SeaSonic renamed its renowned X series to the Platinum family. These are the company's high-end power supplies, all of them sporting Platinum-rated efficiency and output up to 1200W. Some of the lower-wattage models are even fan-less.
The Platinum-760 is a mid-range member of the series, unsurprisingly sustaining up to 760W. Typical of SeaSonic, the PSU sports hybrid fan control, which can be turned on or off by means of a switch. In Normal mode, the fan runs continuously, whereas it runs only when needed in Hybrid mode.
This 760W power supply's workmanship is impeccable, similar to the other Platinum-class contenders we've already looked at. In the same vein, neither the fully modular cabling approach nor the single-rail design surprise us. Expect the +12V rail to deliver up to 63A.
Seasonic Platinum 760
Most of SeaSonic's cables are flat; only the motherboard cable is sleeved and round. The number of connectors you get is comparable to FSP's offering, though the Platinum-760 sports an additional CPU and SATA connector. But they're all slightly shorter than what FSP provides.
Like most of SeaSonic's high-end PSUs, the SS-760XP2 has a seven-year warranty.
|SeaSonic Platinum-760 (SS-760XP)|
|AC Input||100-240V, 50-60Hz|
|DC Output||+3.3V||+5V||+12V (#1)||+12V (#2)||+12V (#3)||+12V (#4)||-12V||+5Vsb|
|Individual Output||32 A||6W||15W|
|Rail Utilization||Sys||Sys||CPU & VGA|
|Total Continuous Output||760W|
Efficiency According To The 80 PLUS Spec
Efficiency In Typical Use Cases
Once again, the 80 PLUS Platinum specification poses a formidable challenge. Like Corsair's previously-reviewed submission, the SeaSonic Platinum-760 struggles to meet its efficiency requirement at a 50% load. However, a 91.73% measurement is close enough to 92%. As with Corsair and FSP, we're not going to make a big deal out of this.
At 100% and 20% load, the SS-760XP2 easily satisfies Platinum's requirements. But at very low loads, it is less efficient than FSP's Aurum 92+. SeaSonic's higher output rating may be partly to blame.
SeaSonic PSUs are renowned for excellent ripple and noise numbers, and the SS-760XP2 is no exception. Low ripple voltages on all power rails and a nice-looking scope picture are an indication of excellent electrical quality.
The Platinum-760 passes all other tests with aplomb. At 110V, its stand-by power is the lowest of all three PSUs, and its hold-up time is the longest (at least at 230V).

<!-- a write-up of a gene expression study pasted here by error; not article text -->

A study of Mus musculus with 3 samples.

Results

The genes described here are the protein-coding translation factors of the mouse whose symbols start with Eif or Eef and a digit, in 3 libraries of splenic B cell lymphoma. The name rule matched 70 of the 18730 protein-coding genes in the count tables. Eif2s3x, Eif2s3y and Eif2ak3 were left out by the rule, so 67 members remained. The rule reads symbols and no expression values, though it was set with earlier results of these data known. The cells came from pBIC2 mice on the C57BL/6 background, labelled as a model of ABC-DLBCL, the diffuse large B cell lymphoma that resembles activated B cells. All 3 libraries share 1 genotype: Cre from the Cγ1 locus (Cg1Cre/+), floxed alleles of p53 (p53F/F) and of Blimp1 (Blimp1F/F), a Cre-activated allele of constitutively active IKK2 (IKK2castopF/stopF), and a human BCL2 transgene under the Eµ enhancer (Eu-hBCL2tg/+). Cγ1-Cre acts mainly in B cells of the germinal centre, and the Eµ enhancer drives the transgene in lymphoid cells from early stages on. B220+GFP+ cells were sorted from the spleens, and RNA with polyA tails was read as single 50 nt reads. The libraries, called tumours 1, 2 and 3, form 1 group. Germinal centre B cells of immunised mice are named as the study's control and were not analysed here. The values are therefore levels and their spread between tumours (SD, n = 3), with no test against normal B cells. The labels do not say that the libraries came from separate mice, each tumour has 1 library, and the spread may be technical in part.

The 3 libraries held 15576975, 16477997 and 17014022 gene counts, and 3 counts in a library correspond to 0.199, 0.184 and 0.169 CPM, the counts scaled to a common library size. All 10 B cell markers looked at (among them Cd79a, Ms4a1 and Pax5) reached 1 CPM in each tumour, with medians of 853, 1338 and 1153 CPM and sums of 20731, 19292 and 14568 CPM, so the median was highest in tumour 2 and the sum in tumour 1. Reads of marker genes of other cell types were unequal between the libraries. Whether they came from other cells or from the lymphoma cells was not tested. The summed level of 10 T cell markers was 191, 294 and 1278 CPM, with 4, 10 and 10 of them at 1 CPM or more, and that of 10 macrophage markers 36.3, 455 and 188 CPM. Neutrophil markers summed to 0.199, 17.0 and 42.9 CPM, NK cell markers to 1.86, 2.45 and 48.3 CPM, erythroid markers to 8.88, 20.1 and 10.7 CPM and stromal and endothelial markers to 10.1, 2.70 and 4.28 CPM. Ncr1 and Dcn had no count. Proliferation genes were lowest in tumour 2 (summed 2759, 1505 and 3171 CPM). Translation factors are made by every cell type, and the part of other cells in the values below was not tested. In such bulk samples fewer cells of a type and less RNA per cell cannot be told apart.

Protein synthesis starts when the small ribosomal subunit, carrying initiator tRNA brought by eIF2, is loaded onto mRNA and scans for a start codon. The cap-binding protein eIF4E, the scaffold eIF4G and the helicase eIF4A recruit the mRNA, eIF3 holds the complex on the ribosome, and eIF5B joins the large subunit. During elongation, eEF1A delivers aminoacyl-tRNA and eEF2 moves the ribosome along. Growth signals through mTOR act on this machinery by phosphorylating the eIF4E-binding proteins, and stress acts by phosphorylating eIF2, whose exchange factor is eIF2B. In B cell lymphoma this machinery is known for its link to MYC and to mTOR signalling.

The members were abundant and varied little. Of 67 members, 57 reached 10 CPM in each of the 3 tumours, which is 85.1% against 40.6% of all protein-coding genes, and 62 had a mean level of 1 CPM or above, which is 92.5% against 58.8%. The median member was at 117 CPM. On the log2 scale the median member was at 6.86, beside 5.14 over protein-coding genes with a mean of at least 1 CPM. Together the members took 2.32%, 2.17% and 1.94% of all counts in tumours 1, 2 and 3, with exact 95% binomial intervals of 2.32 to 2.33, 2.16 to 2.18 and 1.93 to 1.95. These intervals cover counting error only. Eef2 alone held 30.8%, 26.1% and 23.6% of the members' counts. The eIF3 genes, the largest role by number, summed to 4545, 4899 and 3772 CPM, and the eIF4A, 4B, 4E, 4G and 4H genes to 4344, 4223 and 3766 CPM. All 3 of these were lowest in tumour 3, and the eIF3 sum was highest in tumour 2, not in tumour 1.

When we measured the sound level, we recorded results we liked and others we didn’t. In hybrid mode, the fan doesn’t even turn on during our 50 and 200W tests. However, when it does turn on (at 600W in our case), it was louder than expected. Mostly, its sound level is 34.1 dB(A), which is still barely acceptable. But sometimes the fan speed revs up briefly, which results in a sound level of 40 dB(A). That's less than acceptable. Thus, if you draw more than 600W from this PSU, we recommend turning the hybrid mode off to prevent its fan from revving up.
A Closer Look at the PCB
Compared to FSP's Aurum 92+, the SeaSonic PCB is densely populated. The Platinum-760 sports a modern design, including a full-bridge topology, LLC converter and DC-DC technology. SeaSonic sources all of its parts from top-quality manufacturers. The primary capacitor is made by Hitachi, while the secondary-side capacitors are manufactured by Rubycon and Nippon Chemi-Con. Unsurprisingly, the soldering quality is excellent.
SeaSonic’s top-end models come with a seven-year warranty, excellent workmanship and superb electrical quality. The Platinum-760, the highest-output PSU in our three-way comparison, is no exception. From a feature set perspective, this PSU lands in the middle between FSP's and Corsair's products, albeit quite a bit behind the HX750i. That doesn't mean the Platinum-760 is lacking, though.
As for efficiency, SeaSonic almost reaches Corsair’s levels. And its ripple and noise values are excellent, beating the other two PSUs. Electrical quality and PCB design are excellent. With all that in mind, why is this model not the clear winner, sharing its top finish with Corsair's HX750i? Although is sports hybrid fan control that can be enabled with a switch, its fan is slightly louder than Corsair's, knocking it back from a definitive victory.